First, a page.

When George Lucas released the Star Wars prequels, starting with Episode I: The Phantom Menace in 1999, he made changes to the universe that rankled many fans. One element many took issue with was that he explained the Force, and that it originates with something called midi-chlorians. J.J. Abrams just promised when we sit down to watch Star Wars: The Force Awakens later this year, we’re not going to see any of that shit.
MTV caught up with the director on the red carpet for Mission: Impossible—Rogue Nation, and the normally tight-lipped filmmaker answered some yes-or-no questions about his upcoming foray into that far, far away galaxy. Most of the queries are funny and not particularly serious, like one about R2-D2 being an asshole when he gets hungry, but when the interviewer asks Abrams if anyone mentions midi-chlorians in The Force Awakens, the answer is a simple:
For those of you who haven’t seen The Phantom Menace, or who need a refresher, midi-chlorians are intelligent microscopic life forms that exist in a state of symbiosis within the cells of all living things in the galaxy. When present in great enough numbers, they allow the host to feel the Force, and midi-chlorian count is an indicator used to measure one’s potential to become a Jedi. To quote Qui-Gon Jinn (Liam Neeson):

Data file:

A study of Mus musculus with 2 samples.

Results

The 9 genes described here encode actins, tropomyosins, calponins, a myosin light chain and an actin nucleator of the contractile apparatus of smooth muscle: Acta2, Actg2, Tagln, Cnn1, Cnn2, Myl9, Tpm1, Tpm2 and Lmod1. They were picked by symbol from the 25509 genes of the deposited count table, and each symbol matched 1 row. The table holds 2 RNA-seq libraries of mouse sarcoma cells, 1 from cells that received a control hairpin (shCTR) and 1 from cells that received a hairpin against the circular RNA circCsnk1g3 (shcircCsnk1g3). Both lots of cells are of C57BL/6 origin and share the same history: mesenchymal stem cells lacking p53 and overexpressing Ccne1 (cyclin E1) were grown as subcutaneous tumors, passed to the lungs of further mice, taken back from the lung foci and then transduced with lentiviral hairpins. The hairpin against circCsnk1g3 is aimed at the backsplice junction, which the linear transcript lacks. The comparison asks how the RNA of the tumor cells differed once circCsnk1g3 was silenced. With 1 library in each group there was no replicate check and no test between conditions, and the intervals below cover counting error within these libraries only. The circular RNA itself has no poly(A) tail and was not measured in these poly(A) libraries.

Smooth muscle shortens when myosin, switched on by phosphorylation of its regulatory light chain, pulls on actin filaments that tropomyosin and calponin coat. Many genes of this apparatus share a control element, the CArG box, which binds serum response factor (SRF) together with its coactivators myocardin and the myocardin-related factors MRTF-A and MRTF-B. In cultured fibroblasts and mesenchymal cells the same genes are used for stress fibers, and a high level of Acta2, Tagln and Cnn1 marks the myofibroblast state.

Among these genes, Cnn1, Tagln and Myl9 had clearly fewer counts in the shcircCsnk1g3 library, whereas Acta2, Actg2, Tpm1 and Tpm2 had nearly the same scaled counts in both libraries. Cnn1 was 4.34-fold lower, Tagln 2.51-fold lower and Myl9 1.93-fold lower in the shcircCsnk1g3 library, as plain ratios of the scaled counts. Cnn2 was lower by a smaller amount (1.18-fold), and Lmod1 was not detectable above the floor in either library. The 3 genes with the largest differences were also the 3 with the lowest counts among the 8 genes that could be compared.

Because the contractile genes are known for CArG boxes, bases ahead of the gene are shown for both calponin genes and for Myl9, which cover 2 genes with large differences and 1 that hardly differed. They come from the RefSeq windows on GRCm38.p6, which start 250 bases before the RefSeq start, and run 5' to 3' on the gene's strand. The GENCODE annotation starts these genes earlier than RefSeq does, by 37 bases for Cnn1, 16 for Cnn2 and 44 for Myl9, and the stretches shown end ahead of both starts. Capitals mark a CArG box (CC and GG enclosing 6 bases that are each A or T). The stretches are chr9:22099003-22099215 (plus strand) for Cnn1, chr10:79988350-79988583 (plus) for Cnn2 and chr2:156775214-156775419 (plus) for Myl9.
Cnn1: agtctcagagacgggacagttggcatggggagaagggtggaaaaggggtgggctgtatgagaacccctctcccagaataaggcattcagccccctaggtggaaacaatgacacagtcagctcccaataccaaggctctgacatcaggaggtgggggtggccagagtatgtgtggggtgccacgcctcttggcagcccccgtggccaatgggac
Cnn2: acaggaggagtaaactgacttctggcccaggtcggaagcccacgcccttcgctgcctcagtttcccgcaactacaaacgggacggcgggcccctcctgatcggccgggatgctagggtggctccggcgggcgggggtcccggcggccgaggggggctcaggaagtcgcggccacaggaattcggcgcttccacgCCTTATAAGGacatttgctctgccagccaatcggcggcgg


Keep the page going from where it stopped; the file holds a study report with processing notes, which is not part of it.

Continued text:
Without the midi-chlorians, life could not exist, and we would have no knowledge of the Force. They continually speak to us, telling us the will of the Force. When you learn to quiet your mind, you'll hear them speaking to you.
In The Phantom Menace, when Qui-Gon and Obi-Wan Kenobi (Ewan McGregor) come across young Anakin Skywalker (Jake Lloyd) on Tatooine, the elder Jedi explains this to the small child. It’s a moment where, sitting in the movie theater, Star Wars fans had a collective moment where they sat up and asked, "Did George Lucas just give a biological explanation for the goddamn Force?"
In one seemingly small moment, with one almost throwaway bit of discussion, Lucas drastically changed one of the biggest, most beloved elements of Star Wars forever. In one fell swoop he took this mythical, magical, spiritual thing—the Force and the Jedi way is described and viewed as a religion—and erases all of the mystery. Now you can use a piece of technology to quantify the Force, and it’s never been quite as cool since.
More than just about any of the other issues with the prequels, it’s the midi-chlorians that bummed me out the most. Even more than Jar Jar. But you get the feeling that Lucas realized he screwed up, as there’s not much midi-chlorian talk in the subsequent Episodes. And good on J.J. Abrams for knowing what fans want and that what fans want is certainly not midi-chlorians. We prefer to pretend that never happened.
We’re now just a few short months from the release of Star Wars: The Force Awakens, which hits theaters everywhere on December 18.